As I get older I have come to enjoy watching others fish, especially my children. The thrill of catching a big fish is magnified by seeing the smile on someone else’s face when he/she is the one bringing it in. Below is a nice sized largemouth bass my son caught on a recent fishing trip.
In my previous post I showed how to create a login trigger to log sysadmin access to a SQL Server instance. Almost immediately I received a comment describing how the failure of the trigger could almost completely prevent anyone from logging into the instance. This is a major problem!
The reason this occurs makes sense if you think about it. While attempting to login, the user executes some code in a trigger. If that code is invalid, the trigger will fail and abort. When that happens, the login aborts as well. What could cause the trigger to fail? Well, if the table (or other objects) you are accessing within the trigger is inaccessible to the user, or if it doesn’t even exist, the trigger will fail.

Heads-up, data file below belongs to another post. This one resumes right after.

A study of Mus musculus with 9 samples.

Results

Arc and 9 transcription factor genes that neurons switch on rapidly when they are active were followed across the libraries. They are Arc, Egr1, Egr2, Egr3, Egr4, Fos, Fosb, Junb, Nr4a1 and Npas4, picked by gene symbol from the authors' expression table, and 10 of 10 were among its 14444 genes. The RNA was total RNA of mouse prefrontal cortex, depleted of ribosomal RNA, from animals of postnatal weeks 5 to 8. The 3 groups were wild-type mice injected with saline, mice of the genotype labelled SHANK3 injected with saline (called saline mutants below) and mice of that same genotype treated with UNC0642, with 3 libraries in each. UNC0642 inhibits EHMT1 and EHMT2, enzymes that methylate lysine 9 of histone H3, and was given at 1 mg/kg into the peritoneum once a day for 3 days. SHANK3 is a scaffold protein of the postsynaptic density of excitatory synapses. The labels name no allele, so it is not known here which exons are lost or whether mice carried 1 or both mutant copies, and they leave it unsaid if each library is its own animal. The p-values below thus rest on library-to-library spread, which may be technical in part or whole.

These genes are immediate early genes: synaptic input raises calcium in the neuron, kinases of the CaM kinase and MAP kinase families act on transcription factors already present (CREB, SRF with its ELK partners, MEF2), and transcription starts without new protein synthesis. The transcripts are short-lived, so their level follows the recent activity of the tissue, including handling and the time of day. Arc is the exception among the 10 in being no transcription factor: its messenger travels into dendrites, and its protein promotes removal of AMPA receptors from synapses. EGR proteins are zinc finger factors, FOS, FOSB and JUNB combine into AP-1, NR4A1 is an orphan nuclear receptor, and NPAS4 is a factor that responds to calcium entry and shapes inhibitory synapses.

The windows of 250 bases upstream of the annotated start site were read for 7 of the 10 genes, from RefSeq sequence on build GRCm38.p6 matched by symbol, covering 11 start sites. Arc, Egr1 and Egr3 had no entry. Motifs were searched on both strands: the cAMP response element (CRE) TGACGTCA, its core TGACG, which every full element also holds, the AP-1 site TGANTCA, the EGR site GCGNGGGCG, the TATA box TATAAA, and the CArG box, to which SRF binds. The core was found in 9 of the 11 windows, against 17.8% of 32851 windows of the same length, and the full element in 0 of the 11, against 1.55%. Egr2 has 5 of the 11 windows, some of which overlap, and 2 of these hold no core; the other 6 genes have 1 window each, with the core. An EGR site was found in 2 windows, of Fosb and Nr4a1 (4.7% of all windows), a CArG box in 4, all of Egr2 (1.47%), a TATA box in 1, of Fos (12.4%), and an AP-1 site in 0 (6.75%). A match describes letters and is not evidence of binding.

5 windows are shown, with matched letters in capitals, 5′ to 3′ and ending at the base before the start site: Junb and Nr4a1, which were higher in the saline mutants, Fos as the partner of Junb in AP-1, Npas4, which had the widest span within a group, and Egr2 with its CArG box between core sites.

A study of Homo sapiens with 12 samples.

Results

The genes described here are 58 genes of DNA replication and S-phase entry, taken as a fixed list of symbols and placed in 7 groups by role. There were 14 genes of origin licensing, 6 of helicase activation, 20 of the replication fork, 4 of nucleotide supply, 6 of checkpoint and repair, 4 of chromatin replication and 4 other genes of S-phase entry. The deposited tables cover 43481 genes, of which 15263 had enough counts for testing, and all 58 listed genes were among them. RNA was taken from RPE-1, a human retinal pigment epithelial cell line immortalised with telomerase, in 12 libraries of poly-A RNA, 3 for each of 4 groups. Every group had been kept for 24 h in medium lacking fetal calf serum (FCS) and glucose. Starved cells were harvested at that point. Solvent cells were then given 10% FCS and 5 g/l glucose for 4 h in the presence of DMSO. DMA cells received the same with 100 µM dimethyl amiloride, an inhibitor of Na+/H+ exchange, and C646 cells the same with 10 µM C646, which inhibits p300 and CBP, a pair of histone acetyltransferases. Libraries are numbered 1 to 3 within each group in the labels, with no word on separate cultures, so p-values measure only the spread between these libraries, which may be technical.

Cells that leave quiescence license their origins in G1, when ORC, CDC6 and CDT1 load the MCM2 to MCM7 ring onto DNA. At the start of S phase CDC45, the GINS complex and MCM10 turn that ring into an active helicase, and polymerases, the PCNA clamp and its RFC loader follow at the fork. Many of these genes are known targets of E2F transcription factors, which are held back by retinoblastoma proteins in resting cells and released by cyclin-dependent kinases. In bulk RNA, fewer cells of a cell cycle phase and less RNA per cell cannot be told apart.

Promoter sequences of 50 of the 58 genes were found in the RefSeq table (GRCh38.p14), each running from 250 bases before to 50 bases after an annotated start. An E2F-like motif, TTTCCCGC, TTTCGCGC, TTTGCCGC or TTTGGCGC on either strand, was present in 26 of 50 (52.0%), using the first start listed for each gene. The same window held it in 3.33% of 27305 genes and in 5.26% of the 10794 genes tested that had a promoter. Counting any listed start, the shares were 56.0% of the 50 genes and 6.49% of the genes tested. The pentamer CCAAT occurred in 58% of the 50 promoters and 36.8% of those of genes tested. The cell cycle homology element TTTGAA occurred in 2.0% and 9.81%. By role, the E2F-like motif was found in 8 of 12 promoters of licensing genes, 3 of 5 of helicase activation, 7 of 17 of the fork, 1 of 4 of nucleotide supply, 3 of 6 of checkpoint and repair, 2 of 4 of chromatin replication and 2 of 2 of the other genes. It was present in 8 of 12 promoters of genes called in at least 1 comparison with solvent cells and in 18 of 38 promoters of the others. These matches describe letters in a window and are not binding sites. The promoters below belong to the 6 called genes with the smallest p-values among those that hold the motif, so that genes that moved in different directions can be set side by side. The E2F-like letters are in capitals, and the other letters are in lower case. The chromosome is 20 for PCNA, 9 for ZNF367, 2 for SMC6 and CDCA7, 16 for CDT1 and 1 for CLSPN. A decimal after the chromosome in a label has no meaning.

I tested this by using my working trigger, which logged sysadmin logins to a table called dbo.sysadminLogging. Next I renamed the table to dbo.sysadminLogging1.
Next I tried to login in a new window in SSMS:
First, let’s talk about how to get back into a server that has this issue. We need to log into the SQL using SQLCMD with a dedicated administrator connection, then disable the trigger:
After doing this everyone should now be able to log back into SQL Server as normal.
Now to prevent this type of event from happening, I suggest a small edit to my original trigger. This edit will make sure the referenced objects are valid. If not, the trigger does nothing. It may also be a good idea to send an email to the DBA so they can investigate, and I’ve noted that in the comments.
CREATE TRIGGER [servertrigger_CheckForSysAdminLogin] ON ALL SERVER FOR LOGON AS BEGIN IF OBJECT_ID('DBMaint.dbo.sysadminLogging') IS NULL BEGIN --Possibly send an email to the DBA, indicating the trigger is not working as expected GOTO Abort;--Do nothing END IF IS_SRVROLEMEMBER('sysadmin') = 1 BEGIN INSERT INTO DBMaint.dbo.sysadminLogging ( [Login] , LoginDate ) VALUES ( ORIGINAL_LOGIN() , GETDATE() ); END; Abort: END; GO
This newer version of the trigger should cut down on the chances that this functionality will come back to bite you. Special thanks to james youkhanis for pointing this out.